Research improves resin 3D printing using novel metal polarizer technology


The wired grid polarizers are designed to replace the conventional PVA film polarizers used in monochrome LCD screens, the component which generates the patterns for printing individual layers. Early testing has shown that the new wired grid polarizers offer a significantly higher light transmission efficiency when compared to their film counterparts.

In the context of LCD 3D printing, the increased transmission efficiency results in a higher intensity of UV light, shorter print times, a greater UV penetration depth (thicker layers), and a wider curing surface.

SEM imaging of a metal wired grid polarizer. Image via Inha University.
SEM imaging of a metal wired grid polarizer. Image via Inha University.

PVA film polarizers versus wired grid polarizers

In projection micro stereolithography (PμSL), a spatial modulator is used to project UV light across the entire area of the build plate, allowing PμSL-based 3D printers to cure entire layers at once. The spatial modulator can take the form of an LCD, liquid crystal on silicon (LCoS), or a digital micromirror device (DMD).

While PμSL is generally faster than spot laser-based SLA, it does have its limitations. For instance, projecting UV light from a small-scale spatial modulator chip calls for a high magnification factor, which reduces the light intensity as the surface area increases.

Furthermore, conventional LCDs feature two orthogonal film polarizers that allow UV light to pass through in certain areas. The mechanism at work here is absorption-based, whereby electrical fields in the films absorb light that is parallel to them but transmit light that is perpendicular. This conventional approach works but also reduces the effective intensity of the light engine.

To address the issues associated with film polarizers, it’s possible to use wired grid polarizers instead. Much like films, wired grid polarizers absorb parallel light but transmit perpendicular light, except they operate on a scatter mechanism rather than an absorption one. As well as resulting in higher transmission efficiency, metal wire grids can also withstand much higher light intensities without sustaining damage.

Polarizing filters are designed to transmit light in only one axis. Image via Codixx.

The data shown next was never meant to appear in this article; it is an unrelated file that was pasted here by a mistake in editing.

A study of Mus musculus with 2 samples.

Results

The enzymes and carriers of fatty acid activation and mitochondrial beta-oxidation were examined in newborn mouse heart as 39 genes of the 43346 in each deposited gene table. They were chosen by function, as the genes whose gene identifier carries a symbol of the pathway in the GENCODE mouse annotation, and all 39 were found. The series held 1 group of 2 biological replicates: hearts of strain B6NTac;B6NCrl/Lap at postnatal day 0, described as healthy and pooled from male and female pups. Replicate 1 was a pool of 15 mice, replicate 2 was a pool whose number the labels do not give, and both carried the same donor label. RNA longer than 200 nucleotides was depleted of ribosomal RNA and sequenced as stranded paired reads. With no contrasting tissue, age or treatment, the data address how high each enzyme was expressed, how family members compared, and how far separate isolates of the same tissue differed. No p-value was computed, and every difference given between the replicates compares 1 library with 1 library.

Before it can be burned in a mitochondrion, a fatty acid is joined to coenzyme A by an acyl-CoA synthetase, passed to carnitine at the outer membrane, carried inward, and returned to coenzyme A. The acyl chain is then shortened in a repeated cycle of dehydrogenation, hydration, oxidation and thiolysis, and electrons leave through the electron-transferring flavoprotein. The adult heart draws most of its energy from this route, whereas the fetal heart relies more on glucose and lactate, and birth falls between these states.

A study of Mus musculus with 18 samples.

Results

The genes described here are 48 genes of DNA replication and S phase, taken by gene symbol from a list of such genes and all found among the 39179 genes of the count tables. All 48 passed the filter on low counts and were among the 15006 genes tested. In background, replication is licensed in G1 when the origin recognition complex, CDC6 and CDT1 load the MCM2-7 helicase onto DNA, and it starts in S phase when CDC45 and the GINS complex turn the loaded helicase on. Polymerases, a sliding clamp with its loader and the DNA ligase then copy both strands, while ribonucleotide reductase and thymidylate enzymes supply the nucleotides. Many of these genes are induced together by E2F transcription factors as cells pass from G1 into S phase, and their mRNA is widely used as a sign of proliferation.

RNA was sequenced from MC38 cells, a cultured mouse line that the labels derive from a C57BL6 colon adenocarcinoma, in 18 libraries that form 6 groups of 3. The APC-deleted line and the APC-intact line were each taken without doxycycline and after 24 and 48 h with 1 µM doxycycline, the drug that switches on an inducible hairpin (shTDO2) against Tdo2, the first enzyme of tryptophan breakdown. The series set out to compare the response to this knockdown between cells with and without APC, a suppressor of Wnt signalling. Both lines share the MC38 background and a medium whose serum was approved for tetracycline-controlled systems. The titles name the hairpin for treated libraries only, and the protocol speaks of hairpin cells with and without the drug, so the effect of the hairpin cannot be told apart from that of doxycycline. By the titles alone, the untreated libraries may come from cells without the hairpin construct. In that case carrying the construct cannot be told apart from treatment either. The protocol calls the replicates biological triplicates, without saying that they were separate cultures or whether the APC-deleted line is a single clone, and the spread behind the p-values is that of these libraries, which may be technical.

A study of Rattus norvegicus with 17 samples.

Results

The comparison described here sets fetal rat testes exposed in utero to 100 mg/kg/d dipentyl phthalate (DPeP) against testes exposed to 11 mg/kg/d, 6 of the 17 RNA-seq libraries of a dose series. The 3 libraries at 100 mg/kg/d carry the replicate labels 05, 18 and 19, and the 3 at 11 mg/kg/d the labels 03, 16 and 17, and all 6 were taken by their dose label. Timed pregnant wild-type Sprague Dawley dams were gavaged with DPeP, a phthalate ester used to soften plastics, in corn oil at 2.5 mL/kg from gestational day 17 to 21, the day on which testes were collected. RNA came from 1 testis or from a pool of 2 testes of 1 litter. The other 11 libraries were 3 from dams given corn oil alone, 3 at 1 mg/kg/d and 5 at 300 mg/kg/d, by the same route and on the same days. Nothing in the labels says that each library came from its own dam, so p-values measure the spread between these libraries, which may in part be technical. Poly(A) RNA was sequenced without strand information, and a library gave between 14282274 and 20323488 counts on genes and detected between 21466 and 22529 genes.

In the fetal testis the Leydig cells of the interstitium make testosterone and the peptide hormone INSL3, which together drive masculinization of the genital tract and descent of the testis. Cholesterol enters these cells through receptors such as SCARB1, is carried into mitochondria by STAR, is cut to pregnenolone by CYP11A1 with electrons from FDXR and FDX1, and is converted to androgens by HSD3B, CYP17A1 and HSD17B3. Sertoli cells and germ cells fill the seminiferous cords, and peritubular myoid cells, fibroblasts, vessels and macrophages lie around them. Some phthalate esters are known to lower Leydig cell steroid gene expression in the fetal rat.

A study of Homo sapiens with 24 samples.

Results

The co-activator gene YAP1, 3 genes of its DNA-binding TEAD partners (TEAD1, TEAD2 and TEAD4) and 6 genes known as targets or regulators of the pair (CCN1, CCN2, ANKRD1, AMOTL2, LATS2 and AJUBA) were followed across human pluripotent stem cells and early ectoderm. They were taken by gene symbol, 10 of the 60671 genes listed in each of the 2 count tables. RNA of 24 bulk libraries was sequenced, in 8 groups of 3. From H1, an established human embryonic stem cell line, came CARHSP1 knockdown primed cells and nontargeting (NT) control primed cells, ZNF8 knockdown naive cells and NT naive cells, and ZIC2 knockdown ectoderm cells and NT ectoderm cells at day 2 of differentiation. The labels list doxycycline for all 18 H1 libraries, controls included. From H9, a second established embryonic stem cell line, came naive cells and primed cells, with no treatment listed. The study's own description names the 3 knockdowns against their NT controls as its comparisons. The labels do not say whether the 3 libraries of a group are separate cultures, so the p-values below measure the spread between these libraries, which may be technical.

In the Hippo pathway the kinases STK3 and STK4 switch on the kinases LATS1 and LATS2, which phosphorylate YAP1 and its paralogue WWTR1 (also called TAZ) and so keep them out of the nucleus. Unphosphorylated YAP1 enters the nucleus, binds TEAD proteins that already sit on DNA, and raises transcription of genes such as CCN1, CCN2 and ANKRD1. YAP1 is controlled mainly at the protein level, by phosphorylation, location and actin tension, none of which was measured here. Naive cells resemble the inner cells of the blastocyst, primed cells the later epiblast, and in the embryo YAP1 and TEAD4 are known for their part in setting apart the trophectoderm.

Polarizing filters are designed to transmit light in only one axis. Image via Codixx.

Towards a higher transmission efficiency

To test the effectiveness of the wired grid polarizers, the US researchers compared them to both color and monochrome LCDs with stretched PVA polarizers. Each of the devices was used to 3D print silicone resin parts at a variety of UV wavelengths and light intensities.

The team found that the transmission efficiency of the PVA film polarizers decreased significantly at shorter wavelengths, while the wire grid polarizer transmitted more UV light at each wavelength. The difference between the film and wire grid performances was most pronounced at wavelengths of below 400nm.

Looking at the figures, for wavelengths of 365, 385, 405, and 450nm, the film polarizers offered a transmission efficiency of 0.0%, 1.1%, 22.9%, and 34.8%. For the same wavelengths, the wire grid polarizers delivered 34.4%, 39.3%, 39.1%, and 42.5%.

Ultimately, the results showed that the use of wired grid polarizers lent itself to higher output intensity, a higher damage threshold, greater resin compatibility, and overall improved printing performance, demonstrating their feasibility in UV LCD 3D printers.

Further details of the study can be found in the paper titled ‘Use of wire grid polarizers with liquid crystal display for large-volume stereolithography’.

Since its invention, SLA 3D printing has come a long way thanks to advancements in hardware. Just last year, In-Vision, an Austria-based developer of high-precision optical devices, launched its first 4K UV light projector for use with resin-based 3D printers. Named Phoenix, the high-performance light engine is designed specifically for applications that require high light intensities and rapid cure times.

There’s also something to be said about advancements in materials science, as new and improved 3D printing resins are constantly unlocking previously impossible applications. Recently, 3D printer manufacturer B9Creations launched a new line of resins that it says can be used to create injection molding-quality plastic molds. Included in this ‘Robust’ range is an ABS and polycarbonate (PC) material that features a high heat deflection temperature (HDT), making it ideal for producing smooth, impact-resistant molds.